Fartlek training is an aerobic training method that requires the intensity to change at random times. Random changes in intensity helps to replicate many sporting environments and specifically helps the bodies cardiovascular system to adapt quickly as intensity changes.
- running around an oval changing between sprints, jogs and walking at various sections
- outdoor cycling where the surface is not continually flat, requiring intensity changes going up and down hills
- using a cross trainer in the gym and changing the resistance at various intervals etc.
This method of aerobic training allows the athlete to train not just the aerobic systems, but also the anaerobic systems as the higher intensities may move into the anaerobic training zones, and then back into the aerobic zones allowing the body to recover from the higher intensity, before again increasing or decreasing the intensity.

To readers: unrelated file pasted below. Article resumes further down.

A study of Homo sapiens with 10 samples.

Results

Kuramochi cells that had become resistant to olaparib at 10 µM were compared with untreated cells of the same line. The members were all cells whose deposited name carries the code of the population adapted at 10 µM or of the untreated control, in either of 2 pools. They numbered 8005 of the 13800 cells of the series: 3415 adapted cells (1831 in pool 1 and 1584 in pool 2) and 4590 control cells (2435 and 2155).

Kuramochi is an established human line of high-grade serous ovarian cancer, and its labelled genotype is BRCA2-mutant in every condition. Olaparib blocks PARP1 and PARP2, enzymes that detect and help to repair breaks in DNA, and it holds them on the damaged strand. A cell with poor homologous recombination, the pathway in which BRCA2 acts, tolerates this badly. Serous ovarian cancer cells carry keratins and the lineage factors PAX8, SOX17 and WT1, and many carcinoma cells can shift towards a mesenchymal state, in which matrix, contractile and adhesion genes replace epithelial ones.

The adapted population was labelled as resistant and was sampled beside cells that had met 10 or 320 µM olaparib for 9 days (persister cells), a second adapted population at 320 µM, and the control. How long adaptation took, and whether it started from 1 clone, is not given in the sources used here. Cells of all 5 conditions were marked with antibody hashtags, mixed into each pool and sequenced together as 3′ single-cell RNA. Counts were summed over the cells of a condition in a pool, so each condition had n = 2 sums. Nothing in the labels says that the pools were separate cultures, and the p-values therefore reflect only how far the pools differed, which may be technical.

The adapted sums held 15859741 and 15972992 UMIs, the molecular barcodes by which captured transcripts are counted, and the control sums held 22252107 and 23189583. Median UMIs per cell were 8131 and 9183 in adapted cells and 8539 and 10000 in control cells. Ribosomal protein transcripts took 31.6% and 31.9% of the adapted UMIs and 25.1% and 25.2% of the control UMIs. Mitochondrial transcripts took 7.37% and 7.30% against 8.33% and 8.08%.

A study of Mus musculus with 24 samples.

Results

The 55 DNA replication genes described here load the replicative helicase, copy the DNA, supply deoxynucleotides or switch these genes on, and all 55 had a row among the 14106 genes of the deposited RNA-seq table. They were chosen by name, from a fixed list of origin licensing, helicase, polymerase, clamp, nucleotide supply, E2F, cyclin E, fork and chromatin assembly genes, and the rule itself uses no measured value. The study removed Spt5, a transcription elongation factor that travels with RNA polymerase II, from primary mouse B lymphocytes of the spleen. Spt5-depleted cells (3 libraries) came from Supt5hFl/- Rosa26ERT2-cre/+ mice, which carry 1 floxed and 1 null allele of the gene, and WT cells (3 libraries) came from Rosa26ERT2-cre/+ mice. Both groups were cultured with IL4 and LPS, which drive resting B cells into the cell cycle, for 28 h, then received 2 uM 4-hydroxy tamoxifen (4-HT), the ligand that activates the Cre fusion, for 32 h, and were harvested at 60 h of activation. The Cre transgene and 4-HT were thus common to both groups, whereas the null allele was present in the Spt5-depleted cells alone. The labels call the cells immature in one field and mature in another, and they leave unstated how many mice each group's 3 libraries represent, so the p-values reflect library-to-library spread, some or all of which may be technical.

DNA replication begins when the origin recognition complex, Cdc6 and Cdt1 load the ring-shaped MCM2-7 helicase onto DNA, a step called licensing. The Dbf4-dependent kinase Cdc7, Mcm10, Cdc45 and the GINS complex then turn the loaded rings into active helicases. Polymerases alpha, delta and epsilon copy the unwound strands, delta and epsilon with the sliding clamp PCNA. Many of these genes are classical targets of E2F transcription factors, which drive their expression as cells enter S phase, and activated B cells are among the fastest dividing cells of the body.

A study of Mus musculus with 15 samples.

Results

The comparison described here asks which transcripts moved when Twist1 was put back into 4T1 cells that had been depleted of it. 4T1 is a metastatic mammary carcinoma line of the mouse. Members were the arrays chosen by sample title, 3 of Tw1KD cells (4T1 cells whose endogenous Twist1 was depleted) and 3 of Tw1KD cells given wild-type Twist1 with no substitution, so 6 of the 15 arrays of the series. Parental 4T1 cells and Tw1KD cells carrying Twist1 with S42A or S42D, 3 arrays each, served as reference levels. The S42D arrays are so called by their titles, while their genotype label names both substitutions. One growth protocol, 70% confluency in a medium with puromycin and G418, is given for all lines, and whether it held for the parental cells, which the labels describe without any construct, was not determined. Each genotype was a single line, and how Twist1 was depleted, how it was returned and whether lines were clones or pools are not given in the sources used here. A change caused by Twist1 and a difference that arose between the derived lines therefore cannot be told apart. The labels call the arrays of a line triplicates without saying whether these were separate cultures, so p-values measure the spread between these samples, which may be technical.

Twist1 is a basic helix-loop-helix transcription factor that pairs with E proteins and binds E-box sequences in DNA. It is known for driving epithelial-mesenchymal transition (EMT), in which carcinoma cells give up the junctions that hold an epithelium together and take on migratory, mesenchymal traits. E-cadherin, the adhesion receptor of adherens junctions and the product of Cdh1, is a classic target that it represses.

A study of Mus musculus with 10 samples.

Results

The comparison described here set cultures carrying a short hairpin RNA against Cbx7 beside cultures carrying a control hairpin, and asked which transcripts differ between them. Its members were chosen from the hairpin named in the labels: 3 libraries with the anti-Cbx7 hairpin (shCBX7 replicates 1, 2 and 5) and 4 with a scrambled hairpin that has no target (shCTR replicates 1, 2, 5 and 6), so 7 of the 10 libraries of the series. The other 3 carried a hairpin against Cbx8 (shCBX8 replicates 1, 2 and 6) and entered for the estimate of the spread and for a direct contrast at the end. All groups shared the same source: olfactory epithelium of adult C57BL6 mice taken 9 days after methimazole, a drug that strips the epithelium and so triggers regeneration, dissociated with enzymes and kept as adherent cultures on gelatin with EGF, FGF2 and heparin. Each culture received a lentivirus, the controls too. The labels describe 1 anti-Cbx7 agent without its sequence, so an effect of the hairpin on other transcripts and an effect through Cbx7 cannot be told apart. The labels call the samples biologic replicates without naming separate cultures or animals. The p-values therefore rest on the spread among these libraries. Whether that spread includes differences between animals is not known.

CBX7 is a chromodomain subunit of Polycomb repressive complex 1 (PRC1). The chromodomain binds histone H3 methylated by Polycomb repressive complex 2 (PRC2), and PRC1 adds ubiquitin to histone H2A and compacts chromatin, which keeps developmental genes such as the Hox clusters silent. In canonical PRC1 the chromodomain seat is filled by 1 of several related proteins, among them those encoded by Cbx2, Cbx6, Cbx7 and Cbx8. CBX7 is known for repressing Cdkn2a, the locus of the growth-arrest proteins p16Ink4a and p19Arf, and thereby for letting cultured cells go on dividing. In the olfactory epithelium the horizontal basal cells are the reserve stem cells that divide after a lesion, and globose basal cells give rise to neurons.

Fartlek training, therefore, helps the body to remove lactic acid, and recover from high intensities that may be required during competition, but can also ensure the athlete continues to perform at a high intensity while recovering. This adapting of the body means that during Fartlek training the athletes heart rate will change constantly with the intensity, as will their respiratory rates, cardiac output and oxygen uptake.
Sports that are most suited to Fartlek training include: AFL, football, rugby codes, netball (particularly centres and wing attack/defence, futile, ice-hockey, gaelic football, lacrosse, and more. Fartlek aerobic training is also covered in Factors Affecting Performance, how does training affect performance?, types of training and training methods, aerobic training.